Should Health Plans use a Responsive Web Portal, a Mobile App, or Both?

There are now officially more people who own mobile devices than there are people who own desktop or laptop computers. In 2018, 77 percent of American adults had smartphones, including 46 percent of seniors. That means your members want to connect with you via their mobile devices.

And that’s why your health portal needs to be mobile first—because if it doesn’t provide a good mobile experience – it’s not serving the majority of your members.

When creating a “mobile-first” health portal, you can use responsive design to make your website adapt to any device your members use to access it, or you can use an app where the entire experience is designed for mobile.

So what’s the difference? Is one better to have than the other? Before we answer those questions, let’s first look at their similarities.

What do they have in common?

Responsive design and mobile apps are both intended to create a better experience for your mobile users. And they both work in tandem with other engagement tools, such as text messaging.

Here’s why those things matter.


When your web-based health portal doesn’t use responsive design, it’s difficult to navigate on a mobile device. Instead of resizing the page to fit your members’ screens, the page displays at its full size, forcing them to scroll sideways to see the full width of the page, and pinch and zoom their screens to read the text and follow your links and buttons.

It’s an incredibly frustrating experience and most people aren’t willing to put up with it. Seven years ago, Google found that 50% of mobile users said that “even if they like a business, they will use them less often if the website isn’t mobile-friendly.” That percentage has likely increased significantly since then, as the world has become even more mobile-first.

So if you want people to actually engage with your portal, it’d better work well with mobile devices.

Text messaging

Many health plans are starting to take advantage of text messaging. Using a combination of demographic data and your members’ medical records, you can create automated messages that prompt members to schedule appointments, fill out forms, take actions in your portal, and ultimately close gaps in care.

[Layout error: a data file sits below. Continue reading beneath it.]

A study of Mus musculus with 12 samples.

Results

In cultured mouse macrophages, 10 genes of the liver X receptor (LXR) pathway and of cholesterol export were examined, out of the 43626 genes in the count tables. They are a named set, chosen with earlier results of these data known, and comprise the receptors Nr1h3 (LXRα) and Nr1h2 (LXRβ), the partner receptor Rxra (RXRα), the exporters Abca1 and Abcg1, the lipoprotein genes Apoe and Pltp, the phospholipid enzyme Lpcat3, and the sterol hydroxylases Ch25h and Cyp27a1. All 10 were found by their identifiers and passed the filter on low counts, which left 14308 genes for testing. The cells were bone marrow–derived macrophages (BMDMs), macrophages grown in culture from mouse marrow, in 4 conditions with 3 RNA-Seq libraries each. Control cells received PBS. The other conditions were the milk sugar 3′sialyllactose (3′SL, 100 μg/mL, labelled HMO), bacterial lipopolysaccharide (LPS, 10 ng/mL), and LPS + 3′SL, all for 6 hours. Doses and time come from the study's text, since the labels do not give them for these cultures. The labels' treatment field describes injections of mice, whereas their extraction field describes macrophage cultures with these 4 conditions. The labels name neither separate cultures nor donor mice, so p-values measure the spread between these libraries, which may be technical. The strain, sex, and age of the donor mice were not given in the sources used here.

It’s a valuable engagement tool, but it’s only effective if your portal uses responsive design, or if you have a mobile app—because people only read text messages on their mobile devices. And that means your links need to send people to a mobile-friendly portal.

When your texts include links to your portal you’re making it easier for members to take the desired action. But if the site you send them to isn’t mobile-friendly, you’re setting them up for a bad experience, and that’s going to reflect poorly on you.

Should you use responsive design?

Responsive design should be the default for any web-based property a health plan creates. Mobile devices are already the main way people access the Internet, so if your site isn’t mobile friendly – no matter how “well-designed” or “intuitive” it is – it’s not going to feel like either of those things to your members, and they’re going to use it as little as possible.

For health plans that want to engage their members and remain competitive, responsive design is the bare minimum.

Should you use a mobile app?

You don’t have to have a mobile app. Having a mobile-friendly health portal still lets you create a convenient, positive digital experience for your members, and it opens the door to using mobile solutions like text messaging. But mobile apps can also do a lot more to engage your members.

Here are two things that give mobile apps the edge over a responsive web-based portal.

Push notifications

When members install your app on their phones, it gives you the ability to send them push notifications: messages that pop up on their screens even if the app isn’t open. This can be a valuable way to send reminders or prompt people to take an action in the app.

Functionally, these work a lot like text messaging, but you can use them for less urgent reminders and requests, too. For example, push notifications can be a great way to point people to a relevant wellness article or video, or to remind them to fill out their basic information.


A mobile app is one of the best ways to engage your members because it can do everything a responsive website can and more.

Unlike a webpage, mobile apps occupy space on your members’ phones. Your logo and branding will appear among their other apps, reminding them that you’re just a tap away.

It doesn’t take long to access a website, but it takes even less time to open an app. And since your app is more visible than your website, your members are more likely to use it.

Cross off the rest of the items on your mobile engagement checklist

Whether you built your health portal in house or you went with a vendor, you’ve invested a lot in your digital engagement tools. So why not make them as effective as possible? Health plans that realize the value of member engagement should have both a responsive website and a mobile app, so that every interaction your members have with you is a positive one.

Check back later this month to get your free copy of our member engagement checklist to see what else you can do with mobile.